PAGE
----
More than 1,000 handcrafted iron dragonflies will be displayed at Doddington Hall later this month, with each dedicated by a St Barnabas Hospice supporter in memory of a loved one.
The dragonflies were designed by Doddington Hall’s head gardener Jordan Wallhead and will be part of a display on the Croquet Lawn, through the peaceful walled gardens.
Teams at St Barnabas Hospice, Doddington Hall and Lincoln College worked hard behind the scenes to bring the display to life, which the public will be able to visit between Saturday, September 12 and Friday, September 25 from 10am-4pm.
People can only visit if they have made a booking on the Doddington Hall website. The display is included in general garden admission, which is priced at £7.50 for adults, £3.50 for children and £19 for a family ticket.
Supporters who have dedicated a dragonfly in memory of a loved one can get in free with a guest, but will still need to book a day to visit online. They will be able to place these dragonflies in their own gardens once the display has finished.
Twilight Tours will take place on September 16, 18 and 25. The dragonflies will be lit as a St Barnabas tour guide takes supporters through a short walk of the gardens. The tour costs just £10 per adult and £5 per child – see here for how to book onto a tour.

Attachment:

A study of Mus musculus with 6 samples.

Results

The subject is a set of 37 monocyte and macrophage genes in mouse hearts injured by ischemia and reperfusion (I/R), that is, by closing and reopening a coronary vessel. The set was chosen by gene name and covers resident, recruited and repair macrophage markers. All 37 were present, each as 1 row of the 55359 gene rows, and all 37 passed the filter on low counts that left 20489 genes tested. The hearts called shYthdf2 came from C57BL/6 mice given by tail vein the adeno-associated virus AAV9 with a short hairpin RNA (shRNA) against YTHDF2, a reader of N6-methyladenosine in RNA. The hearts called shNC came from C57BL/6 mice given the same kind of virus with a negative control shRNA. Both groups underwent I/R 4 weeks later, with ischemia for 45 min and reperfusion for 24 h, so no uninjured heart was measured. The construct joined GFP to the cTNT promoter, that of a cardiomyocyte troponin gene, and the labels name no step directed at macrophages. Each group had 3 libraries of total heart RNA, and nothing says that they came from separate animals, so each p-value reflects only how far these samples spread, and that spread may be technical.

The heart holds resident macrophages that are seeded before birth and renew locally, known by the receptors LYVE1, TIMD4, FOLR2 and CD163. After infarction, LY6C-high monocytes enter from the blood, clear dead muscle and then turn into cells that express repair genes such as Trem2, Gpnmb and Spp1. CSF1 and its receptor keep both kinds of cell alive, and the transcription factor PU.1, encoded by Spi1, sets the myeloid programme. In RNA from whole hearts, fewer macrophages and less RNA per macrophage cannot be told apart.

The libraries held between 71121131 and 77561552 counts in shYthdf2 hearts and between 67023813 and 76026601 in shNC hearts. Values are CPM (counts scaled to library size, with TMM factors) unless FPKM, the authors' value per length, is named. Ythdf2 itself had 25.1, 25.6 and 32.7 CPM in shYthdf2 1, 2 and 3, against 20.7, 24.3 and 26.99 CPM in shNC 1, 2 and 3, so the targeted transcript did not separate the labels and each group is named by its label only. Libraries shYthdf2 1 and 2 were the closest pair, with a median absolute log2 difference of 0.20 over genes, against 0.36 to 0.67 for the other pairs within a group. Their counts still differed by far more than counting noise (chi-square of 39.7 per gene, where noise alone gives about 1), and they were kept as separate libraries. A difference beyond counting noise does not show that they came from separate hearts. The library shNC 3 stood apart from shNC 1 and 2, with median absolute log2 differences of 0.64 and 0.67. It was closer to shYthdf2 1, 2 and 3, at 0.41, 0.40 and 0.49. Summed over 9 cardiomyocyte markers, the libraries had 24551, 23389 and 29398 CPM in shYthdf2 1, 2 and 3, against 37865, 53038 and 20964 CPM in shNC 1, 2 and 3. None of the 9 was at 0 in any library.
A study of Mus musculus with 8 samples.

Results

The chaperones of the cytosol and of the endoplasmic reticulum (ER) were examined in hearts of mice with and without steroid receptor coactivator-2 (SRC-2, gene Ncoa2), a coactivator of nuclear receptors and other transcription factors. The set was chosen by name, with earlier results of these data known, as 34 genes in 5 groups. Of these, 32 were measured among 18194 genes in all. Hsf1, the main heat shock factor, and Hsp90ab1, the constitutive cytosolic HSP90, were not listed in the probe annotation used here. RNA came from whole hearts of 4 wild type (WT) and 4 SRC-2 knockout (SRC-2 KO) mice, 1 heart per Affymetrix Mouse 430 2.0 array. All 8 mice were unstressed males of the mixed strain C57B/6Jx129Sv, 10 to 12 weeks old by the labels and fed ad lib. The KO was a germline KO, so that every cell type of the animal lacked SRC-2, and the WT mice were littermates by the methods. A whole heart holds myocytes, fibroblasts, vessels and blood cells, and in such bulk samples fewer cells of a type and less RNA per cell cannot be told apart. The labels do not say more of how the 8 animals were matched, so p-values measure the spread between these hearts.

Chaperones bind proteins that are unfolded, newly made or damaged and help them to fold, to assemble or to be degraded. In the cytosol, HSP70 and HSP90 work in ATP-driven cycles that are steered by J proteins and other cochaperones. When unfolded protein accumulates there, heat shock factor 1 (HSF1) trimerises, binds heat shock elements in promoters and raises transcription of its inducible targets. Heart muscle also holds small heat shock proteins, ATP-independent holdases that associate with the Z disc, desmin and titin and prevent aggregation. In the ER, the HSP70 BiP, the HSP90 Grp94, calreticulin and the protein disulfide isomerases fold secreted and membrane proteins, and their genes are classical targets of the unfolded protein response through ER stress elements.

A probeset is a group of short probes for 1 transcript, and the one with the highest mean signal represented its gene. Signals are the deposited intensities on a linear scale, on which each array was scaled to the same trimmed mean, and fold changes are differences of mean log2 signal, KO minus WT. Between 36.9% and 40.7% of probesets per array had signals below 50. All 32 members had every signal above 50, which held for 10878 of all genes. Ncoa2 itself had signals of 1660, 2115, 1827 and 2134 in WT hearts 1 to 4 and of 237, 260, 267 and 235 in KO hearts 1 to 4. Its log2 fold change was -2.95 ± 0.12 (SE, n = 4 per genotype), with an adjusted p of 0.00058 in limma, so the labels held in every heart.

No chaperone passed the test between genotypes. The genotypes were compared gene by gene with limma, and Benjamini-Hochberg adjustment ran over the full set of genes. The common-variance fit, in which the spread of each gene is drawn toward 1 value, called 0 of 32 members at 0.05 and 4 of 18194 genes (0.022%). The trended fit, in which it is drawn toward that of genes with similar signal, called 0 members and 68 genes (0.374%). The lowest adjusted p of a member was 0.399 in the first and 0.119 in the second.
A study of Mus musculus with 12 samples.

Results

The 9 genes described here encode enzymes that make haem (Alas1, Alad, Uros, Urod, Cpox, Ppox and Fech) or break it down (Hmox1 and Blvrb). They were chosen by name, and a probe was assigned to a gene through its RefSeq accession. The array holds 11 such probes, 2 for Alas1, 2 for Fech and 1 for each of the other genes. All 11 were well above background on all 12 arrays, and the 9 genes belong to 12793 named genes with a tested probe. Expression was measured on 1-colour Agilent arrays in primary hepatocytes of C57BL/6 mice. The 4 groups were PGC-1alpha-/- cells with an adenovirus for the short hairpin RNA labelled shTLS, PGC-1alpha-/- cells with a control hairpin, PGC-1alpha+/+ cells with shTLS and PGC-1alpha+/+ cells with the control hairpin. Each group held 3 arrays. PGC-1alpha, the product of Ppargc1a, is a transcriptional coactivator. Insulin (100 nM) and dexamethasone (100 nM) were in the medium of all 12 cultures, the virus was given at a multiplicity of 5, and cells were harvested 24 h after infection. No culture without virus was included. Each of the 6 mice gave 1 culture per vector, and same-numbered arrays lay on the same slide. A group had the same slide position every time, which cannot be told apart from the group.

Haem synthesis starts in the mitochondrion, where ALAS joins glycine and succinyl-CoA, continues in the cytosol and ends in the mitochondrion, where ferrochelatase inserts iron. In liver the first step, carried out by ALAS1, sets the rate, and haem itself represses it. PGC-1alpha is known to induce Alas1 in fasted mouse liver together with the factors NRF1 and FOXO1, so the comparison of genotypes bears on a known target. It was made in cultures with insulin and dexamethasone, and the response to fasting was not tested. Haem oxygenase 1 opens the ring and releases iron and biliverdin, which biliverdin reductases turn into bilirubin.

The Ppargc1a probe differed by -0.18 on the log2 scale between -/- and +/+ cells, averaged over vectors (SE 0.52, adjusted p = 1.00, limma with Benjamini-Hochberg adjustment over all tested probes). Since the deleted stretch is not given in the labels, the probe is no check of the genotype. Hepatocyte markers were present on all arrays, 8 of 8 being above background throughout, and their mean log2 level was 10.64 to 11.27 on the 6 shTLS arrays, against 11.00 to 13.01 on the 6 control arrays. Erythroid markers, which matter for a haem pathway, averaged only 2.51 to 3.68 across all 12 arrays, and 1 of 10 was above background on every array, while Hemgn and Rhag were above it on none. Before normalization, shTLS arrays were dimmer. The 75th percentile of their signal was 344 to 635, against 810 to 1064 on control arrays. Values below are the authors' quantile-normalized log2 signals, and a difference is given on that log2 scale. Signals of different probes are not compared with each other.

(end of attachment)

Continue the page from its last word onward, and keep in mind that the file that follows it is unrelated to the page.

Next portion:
Visitors can also follow an interactive lily pad story trail around the display, as well as getting support from members of the St Barnabas Wellbeing team. There will also be a chance for children to take part in craft sessions on certain days.
To date, more than £80,000 has been raised for St Barnabas Hospice from people dedicating a dragonfly in memory of a loved one.
Sam Waterer, Individual Giving Fundraiser at St Barnabas Hospice said: “I want to thank Doddington Hall for being so amazing to work with on this project. It will be our first event since the coronavirus pandemic began and we can’t wait to welcome our supporters back and give them a truly unique experience.”
Claire Birch, who runs the Doddington Hall estate alongside her husband James, said: “If I were to dedicate a dragonfly to somebody it would be for my mother. I know the Hospice was very helpful when she was dying back in 2006 and she fought and worked so incredibly hard for Doddington all her adult life.
“It will be very apt for me to be remembering her here. She left the place in an amazing state for us and her legacy was extraordinary.”